Confirmed coronavirus cases in the United States reached 81,378 on Thursday, more than any other country, overtaking both Italy and China.

China was second with 81,285 cases, and Italy was third with 80,539 cases.

The Coronavirus Pandemic has now passed 500,000 cases across 182 countries, including more than 23,000  deaths.

The number of actual infections is believed to be higher since many countries are only testing severe cases or patients requiring hospitalisation. 

From New York to Paris to New Delhi life has ground to standstill with some three billion people confined to their homes as governments scramble to halt the disease’s deadly march across the world. 

The death toll spiralled upward again in Europe, as fatalities in the United Stated shot past 1,000 and cases in Africa continued to multiply, and already-stretched healthcare systems readied for the worst. 

Fears are mounting the virus could cause an even greater economic shock than the Great Depression, with the latest unemployment figures out of the US breaking records as businesses across the world’s biggest economy are pinched by the pandemic. 

Leaders from the G20 most industrialised nations held crisis talks by video link Thursday, pledging a “united front” to fight the outbreak, along with an enormous financial injection to prop up the economy. 

“The virus respects no borders,” the leaders said in a statement.

“We are injecting over A$7.5 trillion into the global economy, as part of targeted fiscal policy, economic measures, and guarantee schemes to counteract the social, economic and financial impacts of the pandemic.” 

They also pledged “robust” support for developing nations, where it is feared coronavirus could next take hold after ravaging China and then Europe.

But the unity pledged by the G20 has been in short supply with China and the United States trading barbs over their handling of the coronavirus crisis.

The outbreak first emerged in China late last year but has spread relentlessly. 

Globally, infections are nearing half a million worldwide. 

Europe is now the hardest hit continent, recording over 250,000 infections and more than 15,000 deaths.

Five patients, one bed

Hard-hit Italy and Spain are living through nightmarish scenarios feared around the globe: health services buckling under the strain of mounting caseloads.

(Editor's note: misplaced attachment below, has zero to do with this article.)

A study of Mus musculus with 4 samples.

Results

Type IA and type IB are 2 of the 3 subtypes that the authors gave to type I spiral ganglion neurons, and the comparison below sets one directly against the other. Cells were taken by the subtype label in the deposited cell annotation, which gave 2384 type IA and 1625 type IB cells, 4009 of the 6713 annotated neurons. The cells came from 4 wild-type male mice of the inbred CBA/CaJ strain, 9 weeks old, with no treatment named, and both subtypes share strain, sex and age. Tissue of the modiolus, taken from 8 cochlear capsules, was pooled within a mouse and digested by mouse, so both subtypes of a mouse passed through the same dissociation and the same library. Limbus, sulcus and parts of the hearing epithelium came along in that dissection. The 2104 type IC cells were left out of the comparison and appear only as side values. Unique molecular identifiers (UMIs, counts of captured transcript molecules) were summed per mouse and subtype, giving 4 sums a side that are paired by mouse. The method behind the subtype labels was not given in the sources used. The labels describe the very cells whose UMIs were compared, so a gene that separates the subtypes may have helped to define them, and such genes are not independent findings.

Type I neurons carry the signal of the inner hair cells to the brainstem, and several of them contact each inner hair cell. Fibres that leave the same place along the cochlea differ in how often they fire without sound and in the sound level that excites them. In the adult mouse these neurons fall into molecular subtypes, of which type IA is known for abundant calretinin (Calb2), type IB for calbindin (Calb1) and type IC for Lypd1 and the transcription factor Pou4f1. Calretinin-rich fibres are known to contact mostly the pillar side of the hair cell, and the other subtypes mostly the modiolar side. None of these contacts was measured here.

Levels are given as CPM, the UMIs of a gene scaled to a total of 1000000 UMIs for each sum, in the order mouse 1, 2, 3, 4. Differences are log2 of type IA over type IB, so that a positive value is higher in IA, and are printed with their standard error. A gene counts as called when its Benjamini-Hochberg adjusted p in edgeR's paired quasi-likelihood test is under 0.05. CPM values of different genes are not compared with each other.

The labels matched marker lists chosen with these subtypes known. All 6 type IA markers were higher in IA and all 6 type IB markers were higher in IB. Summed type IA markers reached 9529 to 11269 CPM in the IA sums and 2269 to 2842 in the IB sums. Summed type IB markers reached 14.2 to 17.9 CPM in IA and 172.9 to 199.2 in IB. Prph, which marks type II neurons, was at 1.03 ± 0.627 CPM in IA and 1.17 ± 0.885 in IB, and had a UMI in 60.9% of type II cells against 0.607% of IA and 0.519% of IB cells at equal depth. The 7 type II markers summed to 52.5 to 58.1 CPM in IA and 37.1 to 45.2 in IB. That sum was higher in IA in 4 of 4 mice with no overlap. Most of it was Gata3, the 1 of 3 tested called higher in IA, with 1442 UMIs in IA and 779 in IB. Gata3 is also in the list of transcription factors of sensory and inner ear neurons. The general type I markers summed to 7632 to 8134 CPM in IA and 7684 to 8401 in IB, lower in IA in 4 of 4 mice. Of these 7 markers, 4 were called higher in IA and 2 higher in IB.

Medical workers are now facing painstaking choices. 

“If I’ve got five patients and only one bed, I have to choose who gets it,” said Sara Chinchilla, a paediatrician at a hospital near Madrid.

“People are dying who could be saved but there’s no space in intensive care.”

Spain's ground army engineers build a tent for a field hospital next to the Segovia Hospital in Segovia, Spain
Spain’s ground army engineers build a tent for a field hospital next to the Segovia Hospital in Segovia, SpainEFE

More than 4,000 have died in Spain and over 56,000 are infected. 

Health care facilities in Britain could face a similar strain. 

The National Health Service said London’s hospitals are facing a “continuous tsunami” of seriously ill COVID-19 patients, despite a lockdown imposed this week.

Prime Minister Boris Johnson has said the country could be just a few weeks behind Italy’s curve. 

Countries are now facing the twin challenge of stemming infections and dealing with the sick while trying to tend to a global economy facing the most devastating recession in living memory.

In a sign of the economic impact, some 3.3 million people in the US filed unemployment claims last week, the highest number ever recorded. 

Story: SBS

Written by: Daz


Due to the significant increase in demand at our service centres from the impact of Coronavirus (COVID-19), the planned relocation of staff and services from Mornington Service Centre will be temporarily deferred. We are committed to supporting Australians and know many people are accessing our services for the first time. We will continue the current servicing arrangements for up to six months.